India’s first ‘motor-woman’ lives her dream on the railway tracks


Mumtaz Kazi joined Railways in 1991. Ganesh Shirsekar

FOR MUMTAZ KAZI (46), the first Indian woman to drive a diesel locomotive for the Indian Railways, driving a rake was a dream come true.

Having grown up hearing stories of what it is to drive a rake from the friends of her father, also a railway employee, becoming one was all the more exciting.

“My father was the trunk superintendent in Churchgate, so our house was frequented by his motor-men friends. They would narrate their experiences of driving rakes in the congested system. This motivated me to become one,” said Kazi.

Kazi joined Railways in 1991 to become an assistant driver for the diesel-run rake for mail trains. In January 2005, she switched to driving in the suburban system. Recalling what it was to apply for the job of a motor-woman at that time, she said the advertisement declared that the job would be “tough” for ladies. “I was doing Diploma in Medical Lab and Technology when the advertisement for hiring motor-men came in. Though the advertisement clearly allowed ladies to apply, it stated that it was hard job for ladies. I took up the challenge because not only did my education fit the criteria, I really wanted to do it,” she said.

A resident of Sion, Kazi works from 7 am to 1 pm. Her only complaint is the absence of a day-off, which has now become a routine. “My shifts are given and I have a daily chart of the number of trains I have to drive. Sometimes, the compulsion to be punctual and having no day-off becomes challenging. Be it my first ride, between Chhatrapati Shivaji Terminus-Belapur, or now, the dedication with which I drive hasn’t changed,” she said.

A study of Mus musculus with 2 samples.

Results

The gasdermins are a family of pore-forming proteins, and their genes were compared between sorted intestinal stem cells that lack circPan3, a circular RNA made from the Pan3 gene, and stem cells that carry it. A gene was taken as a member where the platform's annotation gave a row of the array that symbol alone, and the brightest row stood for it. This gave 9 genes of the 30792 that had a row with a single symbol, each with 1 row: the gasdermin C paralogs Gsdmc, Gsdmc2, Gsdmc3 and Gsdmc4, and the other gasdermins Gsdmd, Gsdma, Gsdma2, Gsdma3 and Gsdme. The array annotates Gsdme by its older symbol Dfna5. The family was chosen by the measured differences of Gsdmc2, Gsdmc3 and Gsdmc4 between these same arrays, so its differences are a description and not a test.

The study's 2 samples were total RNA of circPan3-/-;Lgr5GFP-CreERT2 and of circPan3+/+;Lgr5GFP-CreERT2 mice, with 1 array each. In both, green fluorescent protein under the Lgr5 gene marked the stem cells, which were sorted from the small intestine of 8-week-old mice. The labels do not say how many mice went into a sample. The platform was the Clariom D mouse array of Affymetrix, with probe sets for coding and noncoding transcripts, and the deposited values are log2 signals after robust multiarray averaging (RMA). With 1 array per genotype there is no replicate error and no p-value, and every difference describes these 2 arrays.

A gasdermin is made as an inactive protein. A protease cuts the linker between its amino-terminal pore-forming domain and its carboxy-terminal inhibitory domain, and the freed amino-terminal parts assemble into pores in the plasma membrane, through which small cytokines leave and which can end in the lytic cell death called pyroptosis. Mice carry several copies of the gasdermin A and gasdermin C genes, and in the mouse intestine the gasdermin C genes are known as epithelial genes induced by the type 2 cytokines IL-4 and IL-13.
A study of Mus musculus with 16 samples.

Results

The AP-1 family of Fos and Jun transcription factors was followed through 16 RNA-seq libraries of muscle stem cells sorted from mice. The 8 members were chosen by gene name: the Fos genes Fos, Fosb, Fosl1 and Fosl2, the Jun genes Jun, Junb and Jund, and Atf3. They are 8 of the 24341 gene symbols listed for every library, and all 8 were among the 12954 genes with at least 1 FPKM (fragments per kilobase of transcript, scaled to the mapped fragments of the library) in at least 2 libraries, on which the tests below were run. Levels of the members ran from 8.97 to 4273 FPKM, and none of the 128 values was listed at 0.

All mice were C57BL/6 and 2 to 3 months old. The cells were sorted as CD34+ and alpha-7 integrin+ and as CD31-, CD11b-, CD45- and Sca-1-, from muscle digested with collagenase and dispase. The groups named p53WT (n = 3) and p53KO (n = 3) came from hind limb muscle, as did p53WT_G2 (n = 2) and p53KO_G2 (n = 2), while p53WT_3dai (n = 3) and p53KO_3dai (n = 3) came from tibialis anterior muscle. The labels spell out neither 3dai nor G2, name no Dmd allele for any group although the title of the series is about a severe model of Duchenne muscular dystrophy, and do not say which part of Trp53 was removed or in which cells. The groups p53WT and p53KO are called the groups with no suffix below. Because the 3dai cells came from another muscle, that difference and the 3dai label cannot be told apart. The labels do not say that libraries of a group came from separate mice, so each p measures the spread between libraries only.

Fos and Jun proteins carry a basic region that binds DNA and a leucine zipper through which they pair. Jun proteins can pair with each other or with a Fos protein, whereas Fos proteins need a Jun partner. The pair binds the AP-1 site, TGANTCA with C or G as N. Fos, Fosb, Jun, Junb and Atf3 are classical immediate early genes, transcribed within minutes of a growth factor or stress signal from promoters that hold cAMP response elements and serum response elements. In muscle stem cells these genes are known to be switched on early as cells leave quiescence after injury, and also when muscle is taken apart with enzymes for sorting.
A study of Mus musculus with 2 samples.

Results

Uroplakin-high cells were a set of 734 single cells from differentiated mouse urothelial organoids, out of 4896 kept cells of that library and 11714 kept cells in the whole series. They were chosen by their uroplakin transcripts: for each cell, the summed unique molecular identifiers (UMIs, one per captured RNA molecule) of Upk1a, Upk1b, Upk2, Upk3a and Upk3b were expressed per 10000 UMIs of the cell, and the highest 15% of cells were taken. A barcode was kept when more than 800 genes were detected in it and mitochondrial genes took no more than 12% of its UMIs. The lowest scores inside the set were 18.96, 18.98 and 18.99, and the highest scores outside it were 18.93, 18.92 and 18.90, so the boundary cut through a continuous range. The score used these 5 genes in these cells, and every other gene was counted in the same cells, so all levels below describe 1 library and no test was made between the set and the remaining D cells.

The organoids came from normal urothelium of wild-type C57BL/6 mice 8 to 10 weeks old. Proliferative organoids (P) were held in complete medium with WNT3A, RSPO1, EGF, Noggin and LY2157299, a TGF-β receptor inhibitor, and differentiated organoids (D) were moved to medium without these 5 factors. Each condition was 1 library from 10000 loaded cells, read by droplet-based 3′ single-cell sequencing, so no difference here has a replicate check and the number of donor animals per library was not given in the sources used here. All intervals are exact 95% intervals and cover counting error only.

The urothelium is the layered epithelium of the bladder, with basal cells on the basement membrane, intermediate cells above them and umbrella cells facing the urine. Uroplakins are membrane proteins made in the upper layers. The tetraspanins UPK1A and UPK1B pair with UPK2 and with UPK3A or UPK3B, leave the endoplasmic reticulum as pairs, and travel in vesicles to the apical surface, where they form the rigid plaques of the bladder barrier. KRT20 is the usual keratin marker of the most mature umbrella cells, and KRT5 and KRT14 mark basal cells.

Handling the congestion of the suburban system does prove to be a challenge. With a space of three minutes between two trains, retaining punctuality becomes more important. “The congestion of trains now, compared to what it was ten years ago, could prove to be a real challenge. Up on that, when commuters behave irrationally, cross tracks, try to climb over platforms when a train is coming, increases the pressure upon us,” she added.

Having won numerous awards and a mention in the Limca Book of Records for her feat, she said her happiest moment was when she received the ‘Nari Puraskar’ from President Pranab Mukherjee on Women’s Day this year. Along with public appreciation she was happy being acknowledged for her work. “I want to get promoted in the field I work. It is a thrill to ensure the rake driven and controlled by you safely transports passengers,” she added.